Lessons Learned on the Road from Self-Harm to Self-Care
Narrated by: Nicola Barber
Length: 5 hrs and 39 mins
5 out of 5 stars (9 ratings)


What no one tells you about living with anxiety and depression - learned the hard way

Maggy van Eijk knows the best place to cry in public. She also knows that eating super salty licorice or swimming in icy cold water are things that make you feel alive but, unlike self-harm, aren't bad for you.

These are the things to remember when you're sad. 

Turning 27, Maggy had the worst mental health experience of her life so far. She ended a three-year relationship. She lost friends and made bad decisions. She drank too much and went to ER over 12 times. She saw three different therapists and had three different diagnoses. She went to two burn units for self-inflicted wounds and was escorted in an ambulance to a mental health crisis center. But that's not the end of her story.

How Not to Fall Apart shares the author's hard-won lessons about what helps and what hurts on the road to self-awareness and better mental health. This is an audiobook about what it's like to live with anxiety and depression, panic attacks, self-harm and self-loathing - and it's also a hopeful roadmap written by someone who's been there and is still finding her way.

©2018 Maggy van Eijk (P)2018 Penguin Audio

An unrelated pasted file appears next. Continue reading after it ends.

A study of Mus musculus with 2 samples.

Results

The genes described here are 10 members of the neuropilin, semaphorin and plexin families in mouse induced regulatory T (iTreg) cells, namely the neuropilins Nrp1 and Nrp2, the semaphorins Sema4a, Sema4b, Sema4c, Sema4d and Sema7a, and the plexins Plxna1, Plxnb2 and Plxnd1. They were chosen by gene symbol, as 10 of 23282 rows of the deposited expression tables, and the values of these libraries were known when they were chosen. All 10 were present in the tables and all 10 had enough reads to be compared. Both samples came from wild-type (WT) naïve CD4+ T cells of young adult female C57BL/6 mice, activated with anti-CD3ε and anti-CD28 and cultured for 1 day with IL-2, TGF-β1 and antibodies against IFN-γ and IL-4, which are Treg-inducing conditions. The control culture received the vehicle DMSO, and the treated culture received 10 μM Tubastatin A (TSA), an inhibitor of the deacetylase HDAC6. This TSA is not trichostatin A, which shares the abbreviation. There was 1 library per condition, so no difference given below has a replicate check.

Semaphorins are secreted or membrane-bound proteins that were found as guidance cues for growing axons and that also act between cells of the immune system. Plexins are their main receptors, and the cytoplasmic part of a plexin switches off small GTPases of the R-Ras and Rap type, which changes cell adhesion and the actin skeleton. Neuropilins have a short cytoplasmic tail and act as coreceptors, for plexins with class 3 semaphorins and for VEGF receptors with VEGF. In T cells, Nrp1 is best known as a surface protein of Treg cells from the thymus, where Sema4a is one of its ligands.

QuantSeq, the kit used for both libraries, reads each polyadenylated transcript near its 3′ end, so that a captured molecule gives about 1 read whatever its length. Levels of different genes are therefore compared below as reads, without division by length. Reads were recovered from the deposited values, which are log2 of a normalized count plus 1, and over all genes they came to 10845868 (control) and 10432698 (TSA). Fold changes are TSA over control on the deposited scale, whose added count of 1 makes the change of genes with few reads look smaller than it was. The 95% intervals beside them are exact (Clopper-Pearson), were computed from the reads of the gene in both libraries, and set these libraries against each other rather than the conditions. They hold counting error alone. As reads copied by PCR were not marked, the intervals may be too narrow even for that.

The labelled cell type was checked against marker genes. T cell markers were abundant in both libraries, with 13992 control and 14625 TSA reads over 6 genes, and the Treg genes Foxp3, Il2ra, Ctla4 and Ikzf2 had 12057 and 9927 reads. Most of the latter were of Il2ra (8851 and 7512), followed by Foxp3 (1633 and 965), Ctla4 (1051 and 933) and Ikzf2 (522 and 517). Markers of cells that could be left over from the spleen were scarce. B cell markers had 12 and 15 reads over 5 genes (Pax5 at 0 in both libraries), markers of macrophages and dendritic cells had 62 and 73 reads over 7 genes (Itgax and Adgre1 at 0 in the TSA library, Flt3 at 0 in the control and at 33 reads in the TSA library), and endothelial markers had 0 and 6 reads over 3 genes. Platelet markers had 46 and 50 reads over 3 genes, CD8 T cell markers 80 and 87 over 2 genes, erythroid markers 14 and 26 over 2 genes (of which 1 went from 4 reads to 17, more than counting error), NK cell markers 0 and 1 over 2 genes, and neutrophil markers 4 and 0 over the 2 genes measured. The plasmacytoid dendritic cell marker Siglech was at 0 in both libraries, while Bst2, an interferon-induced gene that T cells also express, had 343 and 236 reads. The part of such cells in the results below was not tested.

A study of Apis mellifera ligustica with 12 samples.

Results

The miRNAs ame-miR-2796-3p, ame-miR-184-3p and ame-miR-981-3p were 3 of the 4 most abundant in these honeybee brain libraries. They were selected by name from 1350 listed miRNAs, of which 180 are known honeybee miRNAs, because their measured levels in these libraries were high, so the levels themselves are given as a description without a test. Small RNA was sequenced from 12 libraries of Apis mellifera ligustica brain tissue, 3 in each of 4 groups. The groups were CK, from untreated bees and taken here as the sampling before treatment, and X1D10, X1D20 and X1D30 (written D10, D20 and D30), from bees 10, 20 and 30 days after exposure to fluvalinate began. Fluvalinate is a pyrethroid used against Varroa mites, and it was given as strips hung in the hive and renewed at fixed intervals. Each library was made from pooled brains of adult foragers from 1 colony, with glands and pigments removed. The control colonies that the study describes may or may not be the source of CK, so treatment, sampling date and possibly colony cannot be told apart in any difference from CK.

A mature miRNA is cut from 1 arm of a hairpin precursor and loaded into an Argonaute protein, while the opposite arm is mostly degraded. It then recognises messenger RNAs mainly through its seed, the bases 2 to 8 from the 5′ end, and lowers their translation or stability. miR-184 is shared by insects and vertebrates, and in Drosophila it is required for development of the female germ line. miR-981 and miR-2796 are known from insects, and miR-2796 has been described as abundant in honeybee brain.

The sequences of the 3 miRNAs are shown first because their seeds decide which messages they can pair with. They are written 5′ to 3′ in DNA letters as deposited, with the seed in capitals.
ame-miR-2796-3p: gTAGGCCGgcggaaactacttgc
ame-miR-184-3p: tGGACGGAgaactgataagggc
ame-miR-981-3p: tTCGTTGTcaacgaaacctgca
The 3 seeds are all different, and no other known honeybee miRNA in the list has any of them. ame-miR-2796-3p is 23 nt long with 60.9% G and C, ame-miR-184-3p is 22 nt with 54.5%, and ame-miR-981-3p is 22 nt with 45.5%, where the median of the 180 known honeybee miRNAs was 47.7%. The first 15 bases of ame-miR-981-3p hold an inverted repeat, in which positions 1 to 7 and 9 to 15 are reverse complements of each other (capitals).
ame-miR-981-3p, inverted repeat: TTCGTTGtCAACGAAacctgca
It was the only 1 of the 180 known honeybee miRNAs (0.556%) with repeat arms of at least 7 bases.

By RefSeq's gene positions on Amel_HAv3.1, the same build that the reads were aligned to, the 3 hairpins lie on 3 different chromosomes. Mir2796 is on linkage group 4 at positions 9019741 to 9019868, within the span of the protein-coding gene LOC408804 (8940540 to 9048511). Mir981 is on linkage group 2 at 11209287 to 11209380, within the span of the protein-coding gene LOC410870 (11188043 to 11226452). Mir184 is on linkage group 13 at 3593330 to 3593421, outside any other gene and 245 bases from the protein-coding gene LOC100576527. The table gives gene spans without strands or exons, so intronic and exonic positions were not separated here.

It had a lot of similarity to my struggle with mental illness. It is definitely a great read.

1 of 1 people found this review helpful


Maggy’s first person point of view about her experiences with mental health (specifically Borderline Personality Disorder) is a refreshing perspective. In a world of books dictating the mentally unwell to “wash their face” and “stop giving an eff,” Maggy fully embraces her struggles and eloquently describes them so others struggling with the same things can identify without judgment.

Maggy doesn’t sugarcoat anything either - she explicitly details her experiences with self-harm and sexual assault. If those subjects make you uncomfortable, you’re welcome to skip those chapters, but I found a lot of relief knowing someone else had experienced some of the things that I have as well.

On top of it all, Maggy is hilarious and the comedic relief makes this a fun listenable audiobook.

The reader was great and no issues with the audio at all. Very professionally narrated, recorded, and produced. I find that to be somewhat rare with audiobooks, so I’m extra appreciative of the efforts with this recording and narration.